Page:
Producer Offset 101
What makes the Producer Offset so important in building the capacity of the screen production sector in Australia?
This short animation was produced for Screen Australia by Innit Digital in conjunction with Screen Australia's research report Getting down to business: The Producer Offset five years on.
Storytelling plays an important role in human culture. Yet for film and TV producers bringing Australian stories to life on screen, it can be challenging to build an ongoing business and keep it strong. Because of the way films and TV programs are financed, producers have not always ended up with much of a stake in the ongoing success of their projects.
To help rectify this, the Australian Government introduced a targeted tax incentive known as the Producer Offset.
For any eligible project, the offset is paid by the government to the production company through the company’s tax return after the project is completed, and represents a secure government contribution of up to 40 per cent of the cost for feature films and 20 per cent for television and other projects.
This gives producers a head start when stitching together the complex deals it takes to finance a film or TV project.
Most projects involve some combination of marketplace finance, loans, grants and equity finance.
At the outset, all ownership – or equity – in a project is held by the producer. Equity is a valuable commodity because parties with equity in a project are the ones who’ll benefit from any ongoing or future earnings.
A producer’s equity won’t change if they use grants, loans or their own capital to make up the budget. And the crucial advantage of the Producer Offset is that the producer keeps the equity its contribution represents, even though they may have to borrow the funds to cover it until the payment comes in.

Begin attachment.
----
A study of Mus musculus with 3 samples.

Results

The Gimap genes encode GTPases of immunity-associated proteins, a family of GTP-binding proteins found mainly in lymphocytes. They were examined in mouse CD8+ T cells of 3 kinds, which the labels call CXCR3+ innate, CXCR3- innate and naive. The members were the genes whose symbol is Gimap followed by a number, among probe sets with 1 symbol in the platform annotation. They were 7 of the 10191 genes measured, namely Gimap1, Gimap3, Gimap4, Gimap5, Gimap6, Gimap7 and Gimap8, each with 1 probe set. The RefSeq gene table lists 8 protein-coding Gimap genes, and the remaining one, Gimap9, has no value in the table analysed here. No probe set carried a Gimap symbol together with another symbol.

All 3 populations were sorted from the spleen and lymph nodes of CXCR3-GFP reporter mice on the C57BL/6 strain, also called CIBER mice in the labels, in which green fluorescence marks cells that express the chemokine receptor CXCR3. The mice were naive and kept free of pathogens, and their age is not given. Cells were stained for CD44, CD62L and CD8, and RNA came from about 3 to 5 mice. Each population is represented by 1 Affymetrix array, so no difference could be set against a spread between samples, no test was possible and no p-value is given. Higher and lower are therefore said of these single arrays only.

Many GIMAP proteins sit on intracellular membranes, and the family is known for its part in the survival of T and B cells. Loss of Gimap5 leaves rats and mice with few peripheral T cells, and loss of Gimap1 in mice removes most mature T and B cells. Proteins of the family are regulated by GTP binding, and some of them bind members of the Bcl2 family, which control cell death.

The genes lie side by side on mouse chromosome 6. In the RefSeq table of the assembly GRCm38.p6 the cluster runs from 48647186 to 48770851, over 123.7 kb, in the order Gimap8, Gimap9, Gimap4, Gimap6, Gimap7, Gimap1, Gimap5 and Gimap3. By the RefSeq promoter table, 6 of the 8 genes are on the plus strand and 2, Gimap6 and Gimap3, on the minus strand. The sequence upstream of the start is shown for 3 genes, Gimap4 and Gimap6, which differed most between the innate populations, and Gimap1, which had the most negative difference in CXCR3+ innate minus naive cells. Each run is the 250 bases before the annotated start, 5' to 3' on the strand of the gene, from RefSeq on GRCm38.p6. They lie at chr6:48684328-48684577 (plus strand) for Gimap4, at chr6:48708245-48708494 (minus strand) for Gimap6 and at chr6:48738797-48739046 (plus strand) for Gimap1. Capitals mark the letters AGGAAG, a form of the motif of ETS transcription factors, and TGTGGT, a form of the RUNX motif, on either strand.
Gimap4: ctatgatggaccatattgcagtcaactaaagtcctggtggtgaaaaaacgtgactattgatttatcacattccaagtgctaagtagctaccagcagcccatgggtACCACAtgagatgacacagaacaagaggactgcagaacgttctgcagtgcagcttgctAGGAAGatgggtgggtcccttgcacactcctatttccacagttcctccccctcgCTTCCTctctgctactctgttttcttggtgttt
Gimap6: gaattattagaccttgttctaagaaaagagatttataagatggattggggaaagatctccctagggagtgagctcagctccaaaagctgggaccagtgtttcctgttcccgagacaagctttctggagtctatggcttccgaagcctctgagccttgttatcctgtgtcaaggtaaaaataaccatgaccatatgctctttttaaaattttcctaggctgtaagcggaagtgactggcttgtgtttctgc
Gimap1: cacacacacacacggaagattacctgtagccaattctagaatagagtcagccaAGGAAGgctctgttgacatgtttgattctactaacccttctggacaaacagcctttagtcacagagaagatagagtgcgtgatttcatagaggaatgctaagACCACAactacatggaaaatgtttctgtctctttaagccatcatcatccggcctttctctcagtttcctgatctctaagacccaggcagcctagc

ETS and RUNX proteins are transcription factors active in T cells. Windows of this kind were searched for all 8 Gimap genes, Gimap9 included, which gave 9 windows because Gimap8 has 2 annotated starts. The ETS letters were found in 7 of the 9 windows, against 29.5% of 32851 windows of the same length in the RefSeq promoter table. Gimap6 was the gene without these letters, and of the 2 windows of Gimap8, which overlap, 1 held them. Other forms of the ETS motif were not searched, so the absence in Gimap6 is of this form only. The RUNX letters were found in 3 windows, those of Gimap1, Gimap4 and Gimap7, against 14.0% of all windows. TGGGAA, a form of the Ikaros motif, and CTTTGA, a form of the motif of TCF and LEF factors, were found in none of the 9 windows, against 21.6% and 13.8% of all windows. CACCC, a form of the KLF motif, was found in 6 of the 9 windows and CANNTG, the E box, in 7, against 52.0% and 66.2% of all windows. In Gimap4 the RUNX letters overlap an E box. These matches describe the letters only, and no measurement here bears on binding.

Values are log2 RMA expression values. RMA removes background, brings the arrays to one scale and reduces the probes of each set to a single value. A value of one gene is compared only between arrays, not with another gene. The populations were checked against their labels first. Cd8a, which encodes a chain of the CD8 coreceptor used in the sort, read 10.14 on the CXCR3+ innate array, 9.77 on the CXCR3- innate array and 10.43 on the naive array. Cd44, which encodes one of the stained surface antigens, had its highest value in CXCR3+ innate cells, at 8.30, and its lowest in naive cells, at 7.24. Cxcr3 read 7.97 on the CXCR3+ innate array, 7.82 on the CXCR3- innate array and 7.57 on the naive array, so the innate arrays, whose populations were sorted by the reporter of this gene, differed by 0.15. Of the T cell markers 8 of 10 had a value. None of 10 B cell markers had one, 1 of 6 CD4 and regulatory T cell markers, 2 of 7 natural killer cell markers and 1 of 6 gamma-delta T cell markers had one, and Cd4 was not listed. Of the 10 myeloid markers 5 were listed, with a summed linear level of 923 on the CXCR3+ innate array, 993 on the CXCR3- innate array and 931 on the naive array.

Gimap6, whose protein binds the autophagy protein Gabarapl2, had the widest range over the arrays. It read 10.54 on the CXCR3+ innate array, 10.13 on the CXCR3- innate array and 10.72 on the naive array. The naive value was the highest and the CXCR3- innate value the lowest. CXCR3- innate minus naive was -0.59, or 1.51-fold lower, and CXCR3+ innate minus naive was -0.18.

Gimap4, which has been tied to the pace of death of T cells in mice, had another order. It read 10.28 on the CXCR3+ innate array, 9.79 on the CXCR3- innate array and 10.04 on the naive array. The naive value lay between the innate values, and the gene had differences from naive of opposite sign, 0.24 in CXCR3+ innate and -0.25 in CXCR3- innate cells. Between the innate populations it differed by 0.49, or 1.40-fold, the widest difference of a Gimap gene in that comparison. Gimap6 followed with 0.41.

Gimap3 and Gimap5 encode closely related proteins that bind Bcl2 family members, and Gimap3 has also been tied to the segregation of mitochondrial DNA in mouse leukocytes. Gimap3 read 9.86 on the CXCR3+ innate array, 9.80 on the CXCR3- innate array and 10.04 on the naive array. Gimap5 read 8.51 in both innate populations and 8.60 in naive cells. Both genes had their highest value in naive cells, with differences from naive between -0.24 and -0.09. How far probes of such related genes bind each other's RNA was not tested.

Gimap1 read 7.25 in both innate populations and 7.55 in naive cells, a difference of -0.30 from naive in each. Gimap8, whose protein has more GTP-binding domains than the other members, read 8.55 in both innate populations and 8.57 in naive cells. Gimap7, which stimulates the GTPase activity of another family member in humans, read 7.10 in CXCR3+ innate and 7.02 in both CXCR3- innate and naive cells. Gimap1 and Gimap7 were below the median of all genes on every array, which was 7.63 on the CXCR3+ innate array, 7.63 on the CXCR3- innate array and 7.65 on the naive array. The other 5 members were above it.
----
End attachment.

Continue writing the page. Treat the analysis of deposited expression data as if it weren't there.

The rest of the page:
The producer may also raise equity finance by selling a share of the project to other investors. This spreads the risk of potential losses between the parties, but also lowers the producer’s equity – and thus their share of potential rewards.
Marketplace finance, by contrast, doesn’t relate to project ownership. It simply gives the relevant contributor, whether a distributor, a sales agent or broadcaster, the ability to exploit the project in the market, or on-sell the right to do so.
And, their benefits are limited to recouping their costs and advance payments, and earning a fee or commission from handling the project.
This complex mix of marketplace, loans and equity finance is what creates the structure for distributing back to the investors any revenue the project earns. It sets up a kind of 'revenue waterfall'. Exactly what happens when the revenue starts flowing depends on the particular financing structure for each project, but as a general rule, the marketplace will take its share of revenue first; and loans are quickly repaid to minimise interest and because priority payment is often a condition of the loan.
Investors with equity, including the producer, will then start recouping their money, with some having priority over others, and percentage splits sometimes varying over time – all determined by the deals done when the film was financed. The bottom line is, the greater the equity share, the greater the share of any revenue the investor is likely to get.
That’s why the Producer Offset is so important. Not only is it a secure government contribution to a project’s budget, but it gives producers equity they wouldn’t otherwise have had, and more options when putting the finance together.
They might use a portion of their equity to entice potential investors with a more lucrative deal, such as a better position on the waterfall, or the offer of more equity than their investment alone would deliver. Or they may simply decide to take full advantage of any future revenue stream by holding onto their maximum equity share.
Whatever the choice, the flexibility offered by the Producer Offset can enhance the ongoing capacity of the Australian production sector in bringing Australian stories to our screens.